September 9th (9/9) is the last of the yearly sekku (節句) or seasonal holidays in the old Japanese calendar, and is named kiku no sekku (菊の節句) or more formally chōyō (重陽). The name means something like “Day of the Chrysanthemum”, and has its origins in a similar Chinese holiday called the Double Ninth Festival. The formal name chōyō (重陽) is the more Sinified name.
The holiday, as the name implies, is devoted to Chrysanthemum flowers. In Heian Period Japan (8th-11th centuries), the golden age of the Imperial court, it was commonly believed that gathering the morning dew from chrysanthemums on this day, and applied to the face would keep ladies youthful looking. For example, in the famous Pillow Book by lady of the court, Sei Shonagon, she writes:
 … It’s charming when a light rain begins to fall around daybreak on the ninth day of the ninth month, and there should be plenty of dew on the chrysanthemums, so that the cotton wadding that covers them is thoroughly wet, and it brings out the flowers’ scent that imbues it.translation by Meredith McKinney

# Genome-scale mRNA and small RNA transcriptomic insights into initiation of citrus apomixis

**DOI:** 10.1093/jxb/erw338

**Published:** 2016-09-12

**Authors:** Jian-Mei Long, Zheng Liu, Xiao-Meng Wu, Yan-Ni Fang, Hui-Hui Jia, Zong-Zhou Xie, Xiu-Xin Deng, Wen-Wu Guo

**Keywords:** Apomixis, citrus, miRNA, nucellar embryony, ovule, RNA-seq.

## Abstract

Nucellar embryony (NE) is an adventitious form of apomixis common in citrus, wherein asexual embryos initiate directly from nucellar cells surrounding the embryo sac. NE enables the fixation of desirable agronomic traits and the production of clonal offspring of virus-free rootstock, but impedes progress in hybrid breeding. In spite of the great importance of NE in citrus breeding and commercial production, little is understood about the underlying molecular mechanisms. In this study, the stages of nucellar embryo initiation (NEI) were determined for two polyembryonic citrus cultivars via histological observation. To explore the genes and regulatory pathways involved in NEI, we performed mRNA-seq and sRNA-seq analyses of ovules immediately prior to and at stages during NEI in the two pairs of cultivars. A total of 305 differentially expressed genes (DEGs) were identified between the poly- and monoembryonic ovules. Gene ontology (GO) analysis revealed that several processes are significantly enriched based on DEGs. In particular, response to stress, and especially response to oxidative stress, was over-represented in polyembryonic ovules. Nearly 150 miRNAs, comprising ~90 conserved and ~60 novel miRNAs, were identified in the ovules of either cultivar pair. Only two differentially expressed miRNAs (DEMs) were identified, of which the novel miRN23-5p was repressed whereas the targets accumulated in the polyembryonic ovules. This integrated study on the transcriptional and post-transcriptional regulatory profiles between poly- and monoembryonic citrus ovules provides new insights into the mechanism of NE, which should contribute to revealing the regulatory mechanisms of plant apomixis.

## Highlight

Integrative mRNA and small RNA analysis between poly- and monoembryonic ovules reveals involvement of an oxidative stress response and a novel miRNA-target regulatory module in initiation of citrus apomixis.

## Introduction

But medieval Japanese attitudes about chrysanthemums is not limited to female beauty. Sugawara no Michizane, who was later deified as the god of learning, Tenjin, wrote a poem about them:
|秋風の||akikaze no||The autumn breeze|
|吹上に立てる||fukiage ni tateru||rises on the shore at Fukiage|
|白菊は||shirakiku wa||–and those white chrysanthemums|
|花かあらぬか||hana ka aranu ka||are they flowers? or not?|
|浪の寄するか||nami no yosuru ka||or only breakers on the beach?|
Modern day celebrations during Day of the Chrysanthemum still happen at local Shinto shrines, Buddhist temples and such, but compared to more well-known sekku such as Children’s Day or Girl’s Day, September 9th is a pretty low-key day.
Although this is posted a couple days late, hopefully readers will can take a moment to enjoy chrysanthemums and the early fall weather before heading into autumn.